Remember in school when the kid you most feared was given power by the teachers? How you cringed every time you thought you came into his sight? Well, that is what it is like for opponents when the Devils’ Taylor Hall is on the ice. No, he is not the school’s bad boy, (pa)trolling the halls. But just like the kid you long ago had to watch at all times, Hall will do harm to others if he is ignored.
So, when Hall, the Devils’ best player, returned to the ice last night after missing eight games from a torn meniscus, the Chicago Blackhawks were carefully watching. And although you won’t see his name in last night’s game summary (the Devils lost 4-3 in OT), because he did not post a point in the game, Hall’s presence and the threat of his presence was felt on every shift. Head Coach John Hynes summed it up perfectly, “Taylor did what Taylor does. He impacts the game, he’s got great speed, he’s a tenacious competitor … it was good to have him back in the lineup.”
What Hynes did not say though is that part of what makes Hall so dangerous is that he is now not the only threat in the Devils’ lineup. Gone are the days of Ilya Kovalchuk and Marty Brodeur being the Devils only real weapons. This team has many–three offensive lines worth, in fact. And several on D.
But no player other than Hall is as lethal right now as last year’s Devils’ point/game leader, Mike Cammalleri. Cammalleri missed six games in mid-November because his young daughter was very ill and has been on fire since his return. Named the NHL’s second star last week, Cammalleri led the league with four goals and four assists from his return on November 23rd. Last night, he assisted on one of Travis Zajac’s three goals, and barely missed a game winner in OT when his shot hit the post.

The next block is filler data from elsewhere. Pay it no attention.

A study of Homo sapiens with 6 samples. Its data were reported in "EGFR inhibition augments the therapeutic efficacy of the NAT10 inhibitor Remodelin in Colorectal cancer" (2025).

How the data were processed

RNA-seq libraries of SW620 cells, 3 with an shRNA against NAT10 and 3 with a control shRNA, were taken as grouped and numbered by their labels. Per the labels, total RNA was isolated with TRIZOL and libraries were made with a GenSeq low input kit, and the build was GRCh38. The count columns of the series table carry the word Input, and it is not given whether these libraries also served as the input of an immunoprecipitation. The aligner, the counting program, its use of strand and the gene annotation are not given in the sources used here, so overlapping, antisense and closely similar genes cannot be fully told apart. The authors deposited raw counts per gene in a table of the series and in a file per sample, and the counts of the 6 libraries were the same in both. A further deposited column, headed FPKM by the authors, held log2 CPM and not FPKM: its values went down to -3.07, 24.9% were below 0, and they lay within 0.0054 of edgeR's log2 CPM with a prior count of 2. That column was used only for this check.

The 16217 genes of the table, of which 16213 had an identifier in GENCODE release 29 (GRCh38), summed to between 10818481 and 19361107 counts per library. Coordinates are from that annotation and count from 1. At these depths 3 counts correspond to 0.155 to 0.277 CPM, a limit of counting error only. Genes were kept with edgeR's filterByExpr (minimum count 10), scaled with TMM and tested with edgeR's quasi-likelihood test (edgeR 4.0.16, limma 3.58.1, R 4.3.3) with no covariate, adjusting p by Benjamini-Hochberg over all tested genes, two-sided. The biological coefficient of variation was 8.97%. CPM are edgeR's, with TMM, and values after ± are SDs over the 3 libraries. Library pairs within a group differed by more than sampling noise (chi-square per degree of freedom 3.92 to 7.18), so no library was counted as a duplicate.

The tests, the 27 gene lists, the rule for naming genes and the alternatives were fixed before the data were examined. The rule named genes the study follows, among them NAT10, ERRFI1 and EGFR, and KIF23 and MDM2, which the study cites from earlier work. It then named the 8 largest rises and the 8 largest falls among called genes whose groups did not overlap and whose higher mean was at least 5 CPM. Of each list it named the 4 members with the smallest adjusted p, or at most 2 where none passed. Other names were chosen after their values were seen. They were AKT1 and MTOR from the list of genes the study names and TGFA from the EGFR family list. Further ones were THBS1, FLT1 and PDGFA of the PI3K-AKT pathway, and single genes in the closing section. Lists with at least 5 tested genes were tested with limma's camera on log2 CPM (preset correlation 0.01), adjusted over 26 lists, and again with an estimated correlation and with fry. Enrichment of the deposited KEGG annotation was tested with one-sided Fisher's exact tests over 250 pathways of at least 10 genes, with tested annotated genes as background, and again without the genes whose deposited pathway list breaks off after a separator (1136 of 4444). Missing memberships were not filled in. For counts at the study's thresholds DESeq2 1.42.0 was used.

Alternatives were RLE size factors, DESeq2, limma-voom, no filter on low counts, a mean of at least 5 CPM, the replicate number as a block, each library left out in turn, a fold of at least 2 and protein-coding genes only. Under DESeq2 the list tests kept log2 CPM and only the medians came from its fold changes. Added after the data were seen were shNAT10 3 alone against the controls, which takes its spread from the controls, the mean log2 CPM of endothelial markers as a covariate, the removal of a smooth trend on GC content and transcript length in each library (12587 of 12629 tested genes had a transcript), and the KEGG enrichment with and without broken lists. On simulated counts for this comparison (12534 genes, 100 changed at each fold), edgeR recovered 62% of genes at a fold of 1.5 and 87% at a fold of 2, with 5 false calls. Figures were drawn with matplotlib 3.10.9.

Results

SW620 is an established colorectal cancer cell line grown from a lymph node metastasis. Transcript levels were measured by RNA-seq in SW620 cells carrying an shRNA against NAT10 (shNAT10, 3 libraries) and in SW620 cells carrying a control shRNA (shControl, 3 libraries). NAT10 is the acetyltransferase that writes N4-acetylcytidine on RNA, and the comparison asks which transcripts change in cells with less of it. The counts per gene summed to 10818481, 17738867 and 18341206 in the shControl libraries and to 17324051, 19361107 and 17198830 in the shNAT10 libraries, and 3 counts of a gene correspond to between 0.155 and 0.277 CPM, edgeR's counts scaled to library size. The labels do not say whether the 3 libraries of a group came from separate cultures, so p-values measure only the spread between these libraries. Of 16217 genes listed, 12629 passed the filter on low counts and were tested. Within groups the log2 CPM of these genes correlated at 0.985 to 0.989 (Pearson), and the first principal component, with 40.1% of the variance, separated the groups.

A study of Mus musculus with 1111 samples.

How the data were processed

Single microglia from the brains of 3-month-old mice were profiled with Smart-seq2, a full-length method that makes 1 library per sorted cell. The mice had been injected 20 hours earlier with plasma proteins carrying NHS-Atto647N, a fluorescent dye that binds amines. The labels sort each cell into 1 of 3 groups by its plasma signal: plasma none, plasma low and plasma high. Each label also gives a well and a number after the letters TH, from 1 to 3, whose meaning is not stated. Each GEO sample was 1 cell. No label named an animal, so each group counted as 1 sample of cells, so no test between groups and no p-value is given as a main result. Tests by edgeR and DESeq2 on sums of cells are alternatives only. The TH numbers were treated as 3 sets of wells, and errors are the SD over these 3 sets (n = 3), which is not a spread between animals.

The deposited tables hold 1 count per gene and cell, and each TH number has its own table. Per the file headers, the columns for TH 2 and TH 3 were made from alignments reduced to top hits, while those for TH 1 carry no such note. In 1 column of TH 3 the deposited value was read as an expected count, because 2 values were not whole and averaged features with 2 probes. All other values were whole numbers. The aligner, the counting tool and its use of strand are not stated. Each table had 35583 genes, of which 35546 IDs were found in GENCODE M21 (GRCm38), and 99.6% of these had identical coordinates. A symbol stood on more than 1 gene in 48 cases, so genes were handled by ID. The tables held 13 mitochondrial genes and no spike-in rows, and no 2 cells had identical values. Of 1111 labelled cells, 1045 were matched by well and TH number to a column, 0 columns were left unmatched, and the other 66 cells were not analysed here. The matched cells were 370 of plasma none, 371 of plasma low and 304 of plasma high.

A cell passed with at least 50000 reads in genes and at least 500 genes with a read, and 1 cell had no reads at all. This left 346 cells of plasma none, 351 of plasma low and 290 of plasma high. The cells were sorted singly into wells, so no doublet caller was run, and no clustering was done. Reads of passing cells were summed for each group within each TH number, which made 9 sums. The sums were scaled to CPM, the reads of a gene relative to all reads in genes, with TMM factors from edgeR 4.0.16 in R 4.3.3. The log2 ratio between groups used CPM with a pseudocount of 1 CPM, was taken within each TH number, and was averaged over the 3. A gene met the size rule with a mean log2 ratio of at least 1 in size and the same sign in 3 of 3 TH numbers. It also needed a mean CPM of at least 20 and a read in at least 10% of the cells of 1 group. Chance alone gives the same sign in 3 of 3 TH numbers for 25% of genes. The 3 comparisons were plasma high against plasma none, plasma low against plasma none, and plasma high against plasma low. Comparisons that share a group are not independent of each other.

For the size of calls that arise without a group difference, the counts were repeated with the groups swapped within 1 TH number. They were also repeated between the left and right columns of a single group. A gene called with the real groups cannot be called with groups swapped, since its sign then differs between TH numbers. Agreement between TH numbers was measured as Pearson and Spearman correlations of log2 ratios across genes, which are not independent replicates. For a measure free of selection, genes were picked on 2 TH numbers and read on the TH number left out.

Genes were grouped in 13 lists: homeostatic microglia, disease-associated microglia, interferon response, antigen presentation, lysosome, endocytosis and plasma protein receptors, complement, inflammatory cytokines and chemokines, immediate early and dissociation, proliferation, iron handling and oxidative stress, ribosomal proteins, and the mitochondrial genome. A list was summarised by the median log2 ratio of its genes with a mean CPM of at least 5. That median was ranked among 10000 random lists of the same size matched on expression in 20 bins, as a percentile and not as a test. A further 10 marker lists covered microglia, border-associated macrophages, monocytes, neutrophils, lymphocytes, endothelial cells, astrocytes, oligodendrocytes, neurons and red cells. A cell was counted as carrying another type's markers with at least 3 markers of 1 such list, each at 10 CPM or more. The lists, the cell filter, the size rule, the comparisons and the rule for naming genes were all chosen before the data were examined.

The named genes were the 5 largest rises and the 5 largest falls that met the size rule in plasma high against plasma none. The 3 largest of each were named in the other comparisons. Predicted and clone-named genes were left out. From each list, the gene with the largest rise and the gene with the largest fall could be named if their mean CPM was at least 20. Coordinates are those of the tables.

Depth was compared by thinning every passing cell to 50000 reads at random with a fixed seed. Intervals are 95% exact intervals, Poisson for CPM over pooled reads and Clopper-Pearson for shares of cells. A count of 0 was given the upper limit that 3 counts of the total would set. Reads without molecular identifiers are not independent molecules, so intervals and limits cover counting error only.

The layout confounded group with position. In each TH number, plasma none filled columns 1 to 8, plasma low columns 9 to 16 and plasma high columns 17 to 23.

It was Zajac who got the hat trick last night, and Zajac who is getting the well deserved press this morning. Not Hall nor Cammalleri. But make no mistake, it was both Hall and Cammalleri that were key players in making it a competitive game in Chicago. Attention paid to those two allows other players, like Zajac, more space. Which translates into goals.
Before last night, Hall and Cammalleri had not played in a game together since November 8th. But despite them being out for a total of 14 games over the last month (and the team being on the road for eight of 11 games since then), New Jersey’s record is still a very presentable 10-7-6. That record puts the Devils fourth in the wild card race in the Eastern Conference. And even that statistic is deceptive, as New Jersey is only one point behind Tampa Bay for the second wild card spot–with two games in hand.
So, the Devils are well positioned for the rest of the season. Particularly as the schedule becomes more favorable. After a game in Nashville on Saturday, the Devils finally will begin to play at home. Of the 13 games in the next 24 December nights starting Tuesday, six games will be at the Rock. It is only a start though, because it is not until February that New Jersey finally plays most of its games at the Prudential Center (in fact, 17 of the Devils’ 41 home games will be played at the Rock in just February and March). Given how well the team has played at home in its nine home games thus far (7-0-2), that may be a late season blessing.
Late season blessing, or an exhausted team finally sleeping in their own beds? We cannot know at this point, but what we do know is that Hall is back, and opponents had better beware. We also know that this month will be an excellent test of exactly how good this team is–opponents include the Rangers, Montreal, Pittsburgh, and St. Louis. The two consecutive Sundays (the 11th and the 18th) against the Rangers should be barnburners; we should have a much better assessment of this team after those two games.
So, lets hold off until after the 18th to talk the playoff picture for this team, but I will keep watching those Eastern Conference wild card standings. As should you.